NOTRE DAME, Ind. - Manti Te'o grabbed Brian Kelly. Or maybe it was the other way around.
Regardless, Notre Dame's heart and soul and Notre Dame's head coach weren't letting go of one another as the student body flooded an already soaked field on Saturday night.
After weeks of Irish players jumping into the stands to celebrate wins, this time the students rained down inside Notre Dame Stadium after watching one of the wildest games here in years, if not decades.
They'd just seen the No. 7 Irish (6-0) rally with back-up quarterback Tommy Rees for a 20-13 overtime victory against the No. 17 Cardinal (4-2), capped by a game-winning goal line stand.
The heavens had already opened earlier. The gates of the student section followed, engulfing Te'o and Kelly as they tried to escape the delirium for the locker room.
"Coach Kelly was like a lead blocker," Te'o said. "OK coach, I guess you're protecting me. I was trying to protect you. That was just a great atmosphere. That's Notre Dame. That's what makes this place so special, the love and pride that our fans give us."
The lovefest now continues for another week, this time against the backdrop on Sunday night's first BCS rankings. They'll provide proof to back the evidence Notre Dame showed against Stanford, that the Irish are now legitimate national title contenders.
That's a reality as bold as what Notre Dame showed on Saturday. The Irish were far from perfect, but they didn't wait for the Cardinal to give away the game either.
"They earned the win today," Kelly said. "They came from behind, right. They didn't luck into it. They won in overtime."
Stanford head coach David Shaw debated what role luck played, at least with the officials.
Shaw claimed Stanford's offense stopped playing when Matthias Farley threw Stepfan Taylor for a seven-yard loss early in the fourth quarter, forcing the Cardinal to settle for a field goal. He bristled a "no comment" about the personal foul call on the helmet hit to Everett Golson and the pass interference drawn by Tyler Eifert during Notre Dame's game-tying drive.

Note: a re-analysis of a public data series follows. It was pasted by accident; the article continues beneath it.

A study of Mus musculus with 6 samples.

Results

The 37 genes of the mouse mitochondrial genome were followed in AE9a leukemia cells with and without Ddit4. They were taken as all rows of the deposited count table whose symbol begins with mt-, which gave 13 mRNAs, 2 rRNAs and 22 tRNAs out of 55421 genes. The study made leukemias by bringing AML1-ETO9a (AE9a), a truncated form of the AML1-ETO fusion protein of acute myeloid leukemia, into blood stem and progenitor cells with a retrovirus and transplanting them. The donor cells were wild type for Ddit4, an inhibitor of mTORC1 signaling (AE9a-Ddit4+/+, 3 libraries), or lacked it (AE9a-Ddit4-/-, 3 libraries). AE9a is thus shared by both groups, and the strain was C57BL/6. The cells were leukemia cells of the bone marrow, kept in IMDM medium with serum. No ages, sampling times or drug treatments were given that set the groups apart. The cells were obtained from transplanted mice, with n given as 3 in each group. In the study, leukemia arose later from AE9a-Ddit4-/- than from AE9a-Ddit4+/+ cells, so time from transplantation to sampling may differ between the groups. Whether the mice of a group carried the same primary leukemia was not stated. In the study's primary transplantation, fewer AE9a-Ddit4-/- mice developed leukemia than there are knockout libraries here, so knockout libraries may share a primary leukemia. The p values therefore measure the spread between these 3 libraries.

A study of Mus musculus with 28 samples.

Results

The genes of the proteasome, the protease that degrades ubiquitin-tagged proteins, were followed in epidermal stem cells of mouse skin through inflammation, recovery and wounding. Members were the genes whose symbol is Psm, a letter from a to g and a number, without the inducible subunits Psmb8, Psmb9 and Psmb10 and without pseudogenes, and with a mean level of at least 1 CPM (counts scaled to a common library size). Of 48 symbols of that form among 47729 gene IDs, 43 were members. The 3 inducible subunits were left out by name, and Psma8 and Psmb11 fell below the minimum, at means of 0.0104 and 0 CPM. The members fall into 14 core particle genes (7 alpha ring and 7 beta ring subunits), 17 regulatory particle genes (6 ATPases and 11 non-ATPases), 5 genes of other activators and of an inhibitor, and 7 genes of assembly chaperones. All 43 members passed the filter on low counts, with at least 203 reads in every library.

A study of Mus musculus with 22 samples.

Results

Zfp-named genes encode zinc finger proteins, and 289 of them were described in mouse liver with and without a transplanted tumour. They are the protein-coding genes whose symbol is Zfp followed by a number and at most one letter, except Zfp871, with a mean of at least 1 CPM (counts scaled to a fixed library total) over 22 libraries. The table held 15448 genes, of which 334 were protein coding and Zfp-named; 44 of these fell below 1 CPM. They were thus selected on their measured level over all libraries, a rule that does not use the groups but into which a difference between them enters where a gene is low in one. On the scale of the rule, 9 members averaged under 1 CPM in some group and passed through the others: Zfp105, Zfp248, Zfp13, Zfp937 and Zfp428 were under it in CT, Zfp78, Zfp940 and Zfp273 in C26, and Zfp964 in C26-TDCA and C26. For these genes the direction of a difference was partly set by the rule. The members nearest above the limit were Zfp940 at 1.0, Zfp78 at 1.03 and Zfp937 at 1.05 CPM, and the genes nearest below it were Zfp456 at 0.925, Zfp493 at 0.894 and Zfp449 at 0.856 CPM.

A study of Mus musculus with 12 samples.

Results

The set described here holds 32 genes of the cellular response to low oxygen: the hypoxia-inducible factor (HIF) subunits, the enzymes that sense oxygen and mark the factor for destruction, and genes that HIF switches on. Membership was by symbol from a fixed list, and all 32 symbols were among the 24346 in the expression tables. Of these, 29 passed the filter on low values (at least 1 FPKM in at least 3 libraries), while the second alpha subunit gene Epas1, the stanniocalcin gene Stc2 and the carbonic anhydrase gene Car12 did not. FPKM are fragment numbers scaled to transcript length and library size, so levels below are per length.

Shaw also said Taylor "swore" he broke the goal line on the game's final play. Replays show Taylor did break the plane with a second or third effort.
The officials said no. Then, after clearing the field to review the play, the officials said no again, officially snapping Stanford's three-game winning streak over Notre Dame.
"There's nothing else I can do about it," Shaw said. "I'm not going to comment on the officials."
Shaw didn't want to talk much about Notre Dame either, as the Irish defense didn't allow a touchdown for the fourth straight game, the offense rediscovered Tyler Eifert and Kelly called on Rees again.
Golson went down when he took a hit to the helmet from defensive back Usua Amanam, ending his down-and-up afternoon. Golson lost three fumbles, including one in the Irish end zone that Chase Thomas recovered for a second quarter touchdown. But Golson also got the Irish on track in the second half until his injury.
The sophomore finished 12-of-24 for 141 yards and one touchdown to go with 15 carries for 41 yards and the three turnovers. The scoring pass went 24 yards to Eifert against double coverage, put where only the All-American tight end could get it.
"He grew up," Kelly said. "I know it wasn't as clean and the numbers, you can analyze them and say, 'Well, didn't play well.' All I can tell you is that in his growth, he did some things for me as the head coach that allow us to keep progressing with Everett."
Rees was almost flawless in relief, finishing off the game-tying drive, then going 3-of-3 in overtime for 32 yards, including the game-winning touchdown to TJ Jones. The junior caught the low pass from Rees in front of the Stanford secondary, falling down to make the grab.
"Great receivers do that," Kelly said. "They come back and get the football. They don't stand waiting for it."
Stanford responded by jamming the ball down Notre Dame's throat, marching to a first down at the four-yard line. Four carries and three yards by Taylor later, the game was over. The Irish shared tackles on all four of those winning stops, the final takedown of Taylor shared by Bennett Jackson and Carlo Calabrese, at least in the score sheet.
Notre Dame could have divided it 11 ways.
"Just a lot of men stacked up on top of each other," Louis Nix said of the view. "A lot of us."
Te'o led Notre Dame with 11 tackles, Zeke Motta punished Stanford running backs, Farley posted a 49-yard interception return while Stephon Tuitt and Kapron Lewis-Moore shared the only Irish sack.
The Irish held the Cardinal to just 272 yards total offense, the fifth straight game keeping the opposition under 300 yards.
"To be able to have the mental toughness and the passion and the will to win, to come out on top like that, it speaks volumes about our team," Motta said. "It's one of the toughest, most physical games we've played all season.
"To fight and to come out on top just shows the way that our team is, you don't have to say much more."